Marcus Center Designated Significant Threatened Cultural Landscape by National Organization
Plans were unveiled that would radically alter the site that features landscape architecture by Dan Kiley.
December 18, 2018 (Washington, D.C.) – The Cultural Landscape Foundation (TCLF) today announced that Milwaukee, Wisconsin’s Marcus Center for the Performing Arts has been designated a Landslide nationally significant at-risk and threatened cultural landscape. On December 7, 2018, plans were unveiled that would radically alter the site that features landscape architecture by Dan Kiley, one of the most important postwar practitioners and a Presidential Medal of Arts recipient, and architecture by Harry Weese. If the proposal is implemented, the Dan Kiley landscape would be ruined. The Marcus Center reportedly seeks to create a more open and flexible campus in order to help generate revenue and host more events. To achieve this, the current design proposes to replace the grove of horse chestnut trees with a large lawn intended to be used as a viewing area for outdoor performances.
Details of the site and the threat are listed here: https://tclf.org/demolition-dan-kiley-landscape-milwaukee-announced
TCLF is a Washington, D.C.-based education and advocacy non-profit established in 1998 with a mission of “connecting people to places.” Landslide is one of the foundation’s three major programs and is the “advocacy” part of its “education and advocacy” work. In 2016, the Milwaukee Domes were designated a Landslide site, and in 2017 Sanctuary Woods was included in the Landslide report and online exhibition, Open Season on Open Space.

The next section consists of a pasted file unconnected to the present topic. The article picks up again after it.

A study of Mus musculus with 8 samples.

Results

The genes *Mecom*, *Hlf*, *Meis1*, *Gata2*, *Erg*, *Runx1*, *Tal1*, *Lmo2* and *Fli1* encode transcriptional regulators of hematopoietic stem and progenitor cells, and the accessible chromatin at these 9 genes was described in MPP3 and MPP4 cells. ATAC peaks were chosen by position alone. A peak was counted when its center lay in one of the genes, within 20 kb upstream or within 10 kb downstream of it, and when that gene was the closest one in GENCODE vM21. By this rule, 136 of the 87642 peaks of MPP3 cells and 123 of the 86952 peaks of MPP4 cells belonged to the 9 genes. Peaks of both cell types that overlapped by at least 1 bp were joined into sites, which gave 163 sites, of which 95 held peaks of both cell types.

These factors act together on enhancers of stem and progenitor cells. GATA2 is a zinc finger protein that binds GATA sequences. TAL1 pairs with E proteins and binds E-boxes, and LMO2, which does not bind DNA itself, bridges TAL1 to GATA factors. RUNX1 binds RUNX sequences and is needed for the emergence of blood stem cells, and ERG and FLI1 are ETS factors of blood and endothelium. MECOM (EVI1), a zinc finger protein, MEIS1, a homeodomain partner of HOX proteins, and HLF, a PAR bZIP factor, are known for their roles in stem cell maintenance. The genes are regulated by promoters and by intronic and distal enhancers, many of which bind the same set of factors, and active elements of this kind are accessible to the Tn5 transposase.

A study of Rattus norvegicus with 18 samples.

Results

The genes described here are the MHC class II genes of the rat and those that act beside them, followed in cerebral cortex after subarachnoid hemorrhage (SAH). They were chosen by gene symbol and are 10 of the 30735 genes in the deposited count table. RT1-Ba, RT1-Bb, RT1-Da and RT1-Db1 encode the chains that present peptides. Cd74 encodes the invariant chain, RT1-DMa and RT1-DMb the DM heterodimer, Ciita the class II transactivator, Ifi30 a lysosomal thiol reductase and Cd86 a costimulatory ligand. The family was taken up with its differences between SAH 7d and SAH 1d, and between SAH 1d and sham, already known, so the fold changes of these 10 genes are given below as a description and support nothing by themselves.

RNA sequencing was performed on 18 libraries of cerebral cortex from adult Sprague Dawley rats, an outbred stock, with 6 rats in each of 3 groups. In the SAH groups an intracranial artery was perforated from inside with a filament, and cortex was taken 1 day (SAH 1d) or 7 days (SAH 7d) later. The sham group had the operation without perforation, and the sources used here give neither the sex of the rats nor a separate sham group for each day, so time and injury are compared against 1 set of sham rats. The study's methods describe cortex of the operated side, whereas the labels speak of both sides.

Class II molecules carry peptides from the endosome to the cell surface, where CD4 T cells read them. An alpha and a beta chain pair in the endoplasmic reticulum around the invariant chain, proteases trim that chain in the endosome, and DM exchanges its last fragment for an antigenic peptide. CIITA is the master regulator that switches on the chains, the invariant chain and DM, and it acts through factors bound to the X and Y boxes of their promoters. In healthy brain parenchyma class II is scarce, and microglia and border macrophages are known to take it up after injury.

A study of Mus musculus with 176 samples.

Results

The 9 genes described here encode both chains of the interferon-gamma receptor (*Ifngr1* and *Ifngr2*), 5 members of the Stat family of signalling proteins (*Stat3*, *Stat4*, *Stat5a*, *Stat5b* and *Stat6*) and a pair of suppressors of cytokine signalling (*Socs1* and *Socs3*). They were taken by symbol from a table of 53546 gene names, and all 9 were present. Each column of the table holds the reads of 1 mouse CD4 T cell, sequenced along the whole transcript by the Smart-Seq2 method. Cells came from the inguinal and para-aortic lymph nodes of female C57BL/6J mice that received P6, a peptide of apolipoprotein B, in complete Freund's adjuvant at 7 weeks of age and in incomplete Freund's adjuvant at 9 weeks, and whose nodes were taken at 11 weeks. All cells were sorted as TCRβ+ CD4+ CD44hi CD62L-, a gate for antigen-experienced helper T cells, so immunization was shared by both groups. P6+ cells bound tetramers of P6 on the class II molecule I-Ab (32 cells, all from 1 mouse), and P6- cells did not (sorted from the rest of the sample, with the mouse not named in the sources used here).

Dan Kiley was also the subject of a traveling photographic exhibition – The Landscape Architecture Legacy of Dan Kiley – that was organized and curated by TCLF. The exhibition has been hosted by museums and cultural institutions throughout the United States, including the National Building Museum in Washington, D.C., and was shown at the School of Architecture and Urban Planning, University of Wisconsin, Milwaukee (October 30 , 2017 – January 12, 2018). The exhibition includes the Kiley-designed Cudahey Gardens at the Milwaukee Art Museum.
“Milwaukee has two exceptional public spaces designed by landscape architect Dan Kiley, one of the most important postwar practitioners and a Presidential Medal of Arts recipient, representing the best of his mid- and late-career designs,” said Charles A. Birnbaum, President and CEO of The Cultural Landscape Foundation.